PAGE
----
The one, single most important thing that you can do is to RESEARCH BEFORE YOU BUY.
See a lovely shirt and want to buy it? Pull out your phone and look up whether it may be contributing to slavery, before spending your dollars on it.
It can very challenging to know for sure that a product is slavery-free, Here are our Top 7 Tips to make it easy.
Many big and small brands are working hard to root out slavery and other human rights abuses. By supporting brands that make efforts to protect labour rights, we are encouraging more companies to follow suit.
An easy way to find them is to use the Good On You app. This app rates how well a company is doing in three areas, “Planet”, “People” and “Animals”.
It’s no surprise that companies that fare well on “People” also tend to do well with “Planet” and “Animals.” So you can hit three birds in one stone!
Simply search a brand name on the app. You can also check out their website.
If a brand that you’re interested in does not appear in the Good On You app, you can see if any journalists have discovered something.
To quickly see if the brand has ever been uncovered in wrongdoing, in your search, type the brand name and then a broad, negative word such as “scandal” or “sweatshop”.
(Note that journalists sometimes may not have used the words “human trafficking” and “modern slavery” in their articles, even though labour abuses may constitute trafficking and slavery, so using broader terms help you find more information.)
If nothing comes up in your search even after entering a negative word, you can feel a bit more assured. At least this brand is not a known offender. It may even have taken steps to audit supply chains and prevent scandals in the press, which is a first baby step towards sustainability.
If you are really devoted to a single brand and want to learn more, you can go to a brand’s website and look for their Corporate Social Responsibility section.
Does the brand simply list community projects that it has sponsored, or does it go further and mention its commitment to human rights in its supply chain?
As the trend for sustainability grows, many certifications schemes have appeared.
Many certs aren’t obviously about labour standards, for example environmental ones, but actually also keep slavery out of supply chains. For example, the Global Organic Textile Standard certifies a product to be organic, but also imposes social responsibility standards to ensure that workers are not subjected to forced labour.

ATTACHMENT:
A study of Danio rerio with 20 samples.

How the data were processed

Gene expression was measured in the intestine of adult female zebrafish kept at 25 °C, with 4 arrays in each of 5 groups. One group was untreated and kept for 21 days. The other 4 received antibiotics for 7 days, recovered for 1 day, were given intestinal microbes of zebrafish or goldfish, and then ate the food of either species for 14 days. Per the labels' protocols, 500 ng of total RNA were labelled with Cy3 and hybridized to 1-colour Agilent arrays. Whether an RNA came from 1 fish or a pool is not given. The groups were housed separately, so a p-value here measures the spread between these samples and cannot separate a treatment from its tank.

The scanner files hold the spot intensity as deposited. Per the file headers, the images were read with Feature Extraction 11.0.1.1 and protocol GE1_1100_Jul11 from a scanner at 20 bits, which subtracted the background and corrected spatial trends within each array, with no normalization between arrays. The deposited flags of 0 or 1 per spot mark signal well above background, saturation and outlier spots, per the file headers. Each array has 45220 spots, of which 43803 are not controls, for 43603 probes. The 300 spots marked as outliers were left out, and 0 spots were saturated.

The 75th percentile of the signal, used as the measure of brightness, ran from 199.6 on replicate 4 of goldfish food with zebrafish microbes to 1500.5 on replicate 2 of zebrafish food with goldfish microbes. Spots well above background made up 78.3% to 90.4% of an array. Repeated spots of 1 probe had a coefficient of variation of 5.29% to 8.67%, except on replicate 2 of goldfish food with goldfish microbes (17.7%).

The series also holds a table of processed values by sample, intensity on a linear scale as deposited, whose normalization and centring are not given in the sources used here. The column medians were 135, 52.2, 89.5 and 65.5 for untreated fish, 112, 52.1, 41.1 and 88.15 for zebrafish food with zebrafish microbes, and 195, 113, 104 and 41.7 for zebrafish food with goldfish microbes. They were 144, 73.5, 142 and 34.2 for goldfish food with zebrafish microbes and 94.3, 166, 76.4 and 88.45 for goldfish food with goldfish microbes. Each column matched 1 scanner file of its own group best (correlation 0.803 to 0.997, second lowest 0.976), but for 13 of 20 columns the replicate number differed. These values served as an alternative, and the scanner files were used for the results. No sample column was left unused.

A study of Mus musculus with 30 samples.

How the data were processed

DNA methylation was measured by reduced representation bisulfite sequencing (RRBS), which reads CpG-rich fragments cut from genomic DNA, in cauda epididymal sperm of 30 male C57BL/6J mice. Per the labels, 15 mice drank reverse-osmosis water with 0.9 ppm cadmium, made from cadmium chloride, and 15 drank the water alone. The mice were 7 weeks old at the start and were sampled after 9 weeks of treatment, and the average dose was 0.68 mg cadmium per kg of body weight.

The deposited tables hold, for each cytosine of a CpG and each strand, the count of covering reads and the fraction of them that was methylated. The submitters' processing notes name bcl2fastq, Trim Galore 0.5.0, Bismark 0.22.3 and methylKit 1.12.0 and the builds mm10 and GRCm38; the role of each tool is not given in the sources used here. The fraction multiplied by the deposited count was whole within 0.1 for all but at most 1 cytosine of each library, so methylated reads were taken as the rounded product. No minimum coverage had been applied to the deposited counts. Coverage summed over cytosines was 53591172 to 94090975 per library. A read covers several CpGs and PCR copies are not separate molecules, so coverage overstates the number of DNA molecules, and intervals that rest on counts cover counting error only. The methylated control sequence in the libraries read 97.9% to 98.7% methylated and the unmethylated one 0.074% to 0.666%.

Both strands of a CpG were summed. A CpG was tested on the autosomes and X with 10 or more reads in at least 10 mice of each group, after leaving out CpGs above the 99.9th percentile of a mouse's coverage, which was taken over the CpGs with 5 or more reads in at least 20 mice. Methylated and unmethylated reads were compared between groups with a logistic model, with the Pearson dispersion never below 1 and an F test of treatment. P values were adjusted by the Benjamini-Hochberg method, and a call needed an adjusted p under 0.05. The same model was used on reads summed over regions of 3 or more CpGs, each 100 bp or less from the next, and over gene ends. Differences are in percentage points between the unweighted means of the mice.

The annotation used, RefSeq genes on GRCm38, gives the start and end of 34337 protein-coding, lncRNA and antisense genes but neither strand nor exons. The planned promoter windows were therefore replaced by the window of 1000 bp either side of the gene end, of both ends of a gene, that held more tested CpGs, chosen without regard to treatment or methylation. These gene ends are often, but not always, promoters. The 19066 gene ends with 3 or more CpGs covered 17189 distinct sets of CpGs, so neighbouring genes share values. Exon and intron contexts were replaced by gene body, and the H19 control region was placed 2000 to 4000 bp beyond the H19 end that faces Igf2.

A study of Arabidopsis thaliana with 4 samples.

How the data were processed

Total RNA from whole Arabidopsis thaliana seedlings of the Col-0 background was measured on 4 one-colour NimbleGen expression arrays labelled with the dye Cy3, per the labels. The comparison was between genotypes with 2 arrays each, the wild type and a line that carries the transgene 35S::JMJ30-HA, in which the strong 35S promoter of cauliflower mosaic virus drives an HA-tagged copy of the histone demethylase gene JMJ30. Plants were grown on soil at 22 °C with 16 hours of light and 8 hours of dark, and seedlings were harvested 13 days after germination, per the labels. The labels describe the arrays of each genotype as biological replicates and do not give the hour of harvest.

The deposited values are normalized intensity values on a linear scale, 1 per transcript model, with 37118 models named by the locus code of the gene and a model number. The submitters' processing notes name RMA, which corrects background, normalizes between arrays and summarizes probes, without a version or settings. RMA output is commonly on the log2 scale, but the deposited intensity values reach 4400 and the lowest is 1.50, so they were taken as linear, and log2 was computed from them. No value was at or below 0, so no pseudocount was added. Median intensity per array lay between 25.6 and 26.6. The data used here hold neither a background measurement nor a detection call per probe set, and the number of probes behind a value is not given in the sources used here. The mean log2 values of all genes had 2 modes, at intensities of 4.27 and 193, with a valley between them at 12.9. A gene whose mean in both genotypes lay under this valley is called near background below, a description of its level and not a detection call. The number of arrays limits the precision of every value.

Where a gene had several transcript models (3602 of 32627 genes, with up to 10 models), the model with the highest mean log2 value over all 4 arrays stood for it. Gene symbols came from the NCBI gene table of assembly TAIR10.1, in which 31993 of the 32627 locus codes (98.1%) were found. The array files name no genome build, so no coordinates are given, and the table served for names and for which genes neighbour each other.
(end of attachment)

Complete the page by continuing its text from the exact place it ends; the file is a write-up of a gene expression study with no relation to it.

To gain certifications, companies have to subject their supply chains to some form of external monitoring, which makes it much more unlikely for slavery to go unnoticed.
Explore ideas like Slow Fashion or Capsule Wardrobe, which are about making small lifestyle changes with big sustainability impact.
Slow Fashion is a concept to counter Fast Fashion. By being slow and thoughtful in how we buy and wear clothes, we can be sustainable and also feel happy and wholesome with the clothes you already own.
The Capsule Wardrobe is a wardrobe with a small number of pieces of clothing. It emphasizes quality over quantity. Instead of being dictated by trends and feeling pressure to buy clothes to fit trends, you only own and buy items that reflect your personal style. By sticking to a consistent colour palette, you can make endless combinations. Here’s an introductory video about this.
There are social enterprises that you can support. Some of them employ survivors of human trafficking and modern slavery.
Also check out Freedom Bound for T-shirts and other casual wear.
There are many more out there and we encourage you to search for them.
Start by buying your basic items from good brands, like socks and T-shirts – those are the easiest to find. You don’t have to change all of your wardrobe straight away!
These are our 7 tips. We hope you’ve enjoyed them and feel inspired to make a change in your wardrobe!